Long-time Texas writer Mike Cox of Wimberley has donated his collection of books on Southwestern literature and writing to Texas State University’s Katherine Anne Porter Literary Center in Kyle.
An elected member of the Texas Institute of Letters, Cox is the award-winning author of 30 non-fiction books, including a two-volume history of the Texas Rangers published in 2008. His latest book, Legend and Lore of the Texas Capitol, is scheduled for release later this year.
"As a teenager I saw the movie 'Ship of Fools' when it first came out, but didn't come to realize Porter was a Texas writer until my freshman English class at Angelo State University read one of her short stories," Cox said. "Even though she didn't spend all her life in Texas, she stands as one of the state's best-regarded novelists."
Born in 1890 in Brown County, Porter lived with her grandmother in Kyle from 1892 to 1902. She went on to become an internationally respected writer and Pulitzer Prize winner. Her best-known work, Ship of Fools, was published in 1962.
The book collection dealing with Texas letters, which will be housed in Porter's restored childhood home, was built for reference purposes during the 30-plus years Cox wrote a Texas book review column for the Austin American-Statesman. Some of the how-to books on the craft of writing are from the library of Cox's grandfather, L.A. Wilke, an early 20th century Texas newspaperman and later an outdoor writer.
"Both my parents were also writers, so I inherited their writing-related books as well," Cox said. "And I helped support the publishing industry over the years by buying a lot of writing how-tos myself. They were a lot of help to me as my free-lance writing career progressed, and I hope they will prove useful for the writer-in-residence program at the Porter center."
Cox sold his first magazine story when he was in the eighth grade and saw his first book published in 1970. Forty years later, in 2010, he received the A.C. Greene Award for lifetime achievement in writing. The Wittliff Collections at Texas State University houses most of Cox's writing-related papers.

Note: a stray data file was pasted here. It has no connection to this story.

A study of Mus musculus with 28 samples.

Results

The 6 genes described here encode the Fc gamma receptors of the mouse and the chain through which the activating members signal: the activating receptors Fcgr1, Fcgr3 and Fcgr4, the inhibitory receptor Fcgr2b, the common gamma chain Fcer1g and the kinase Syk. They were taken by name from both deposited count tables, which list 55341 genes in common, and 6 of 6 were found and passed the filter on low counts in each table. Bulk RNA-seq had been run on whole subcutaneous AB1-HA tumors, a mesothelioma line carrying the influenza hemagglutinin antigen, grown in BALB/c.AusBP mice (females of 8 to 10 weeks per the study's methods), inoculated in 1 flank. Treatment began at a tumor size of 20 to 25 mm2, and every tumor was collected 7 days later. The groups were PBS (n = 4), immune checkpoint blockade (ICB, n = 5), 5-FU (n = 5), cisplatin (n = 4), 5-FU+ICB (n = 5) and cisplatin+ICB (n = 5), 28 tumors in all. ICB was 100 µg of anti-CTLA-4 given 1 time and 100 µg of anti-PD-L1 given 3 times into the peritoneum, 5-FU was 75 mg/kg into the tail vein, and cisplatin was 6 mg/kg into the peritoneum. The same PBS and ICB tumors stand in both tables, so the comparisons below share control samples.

After spending the first 20 years of his career as a newspaper writer, in 1985 Cox joined the director's staff at the Texas Department of Public Safety, where for 15 years he was the state law enforcement agency's news media voice. Later, he worked for the Texas Press Association and the Texas Department of Transportation before joining Texas Parks and Wildlife in 2010. He retired in 2015.
The Porter House at 508 Center Street in Kyle, which is on the National Register of Historic Places, is open for individual and school tours by appointment. For more information, contact Jeremy Garrett, writer-in-residence, Katherine Ann Porter Literary Center, at (512) 268-6637.
About Texas State University
Founded in 1899, Texas State University is among the largest universities in Texas with an enrollment of 38,849 students on campuses in San Marcos and Round Rock. Texas State’s 170,000-plus alumni are a powerful force in serving the economic workforce needs of Texas and throughout the world. Designated an Emerging Research University by the State of Texas, Texas State is classified under “Doctoral Universities: Higher Research Activity,” the second-highest designation for research institutions under the Carnegie classification system.